The Eee PC T91 is the most exciting thing to happen to Asus' Eee PC range in years. Whereas recent Eee PCs have been increasingly large and unwieldy, this diminutive device's party piece is a swivelling screen that allows it to function in tablet PC mode. It sounds almost too good to be true, but can this £450 machine compete with its larger, better-equipped rivals?
The T91 looks very much like the original Eee PC 701. Its chunky, angular chassis is a real departure from the plethora of curvy netbooks that dominate the market. As a result, it has the toy-like aesthetic common among netbooks of a 2007 vintage.
Despite its modest appearance, the T91 has a special trick up its sleeve. Its centrally-mounted screen hinge allows the display to open and close as usual, but also to twist 180°. That means you can make the T91 resemble a digital photo frame, or lay the screen against the keyboard to put it in tablet mode.
We've seen countless other laptops with this
functionality, but the T91 is by far the smallest of its ilk. It chassis weighs just 960g and measures a paltry 225 by 25 by 164mm, so it's extremely easy to carry around. One drawback, however, is that its keyboard is relatively petite. Some of the most important keys -- shift and enter, in particular -- are so small that pressing them requires ninja-like accuracy.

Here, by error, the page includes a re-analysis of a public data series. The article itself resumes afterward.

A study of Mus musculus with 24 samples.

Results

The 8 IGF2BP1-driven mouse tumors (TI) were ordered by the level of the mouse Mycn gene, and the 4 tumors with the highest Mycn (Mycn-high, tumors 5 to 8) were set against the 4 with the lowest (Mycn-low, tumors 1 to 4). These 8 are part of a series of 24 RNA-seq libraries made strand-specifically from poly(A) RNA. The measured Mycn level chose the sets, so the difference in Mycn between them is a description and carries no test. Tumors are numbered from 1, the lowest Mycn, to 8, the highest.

Connectivity on the T91 is a little different to that of most netbooks. The right side is home to Ethernet, USB and microphone jacks; the rear has a D-Sub video output; and the left side houses another USB port. That's all fairly ordinary stuff. The big difference is that it uses not one but two memory-card readers -- one at the front and another on the left side, behind a flap labelled 'disk expander'. The former is designed for connecting cards from a digital camera and the like on an ad-hoc basis, while the latter is designed to expand the storage of the machine via a semi-permanent SDHC memory card, sold separately.
The T91's 8.9-inch, 1,024x600-pixel, touch-sensitive display works fairly well, despite the finger-unfriendly Windows XP operating system doing its best to spoil the fun. It responds to both finger inputs and the bundled telescopic stylus, which nestles in the front right-hand edge of the chassis. The screen is of the capacitive type, meaning users don't need to apply direct pressure in order use it -- a simple tap will do.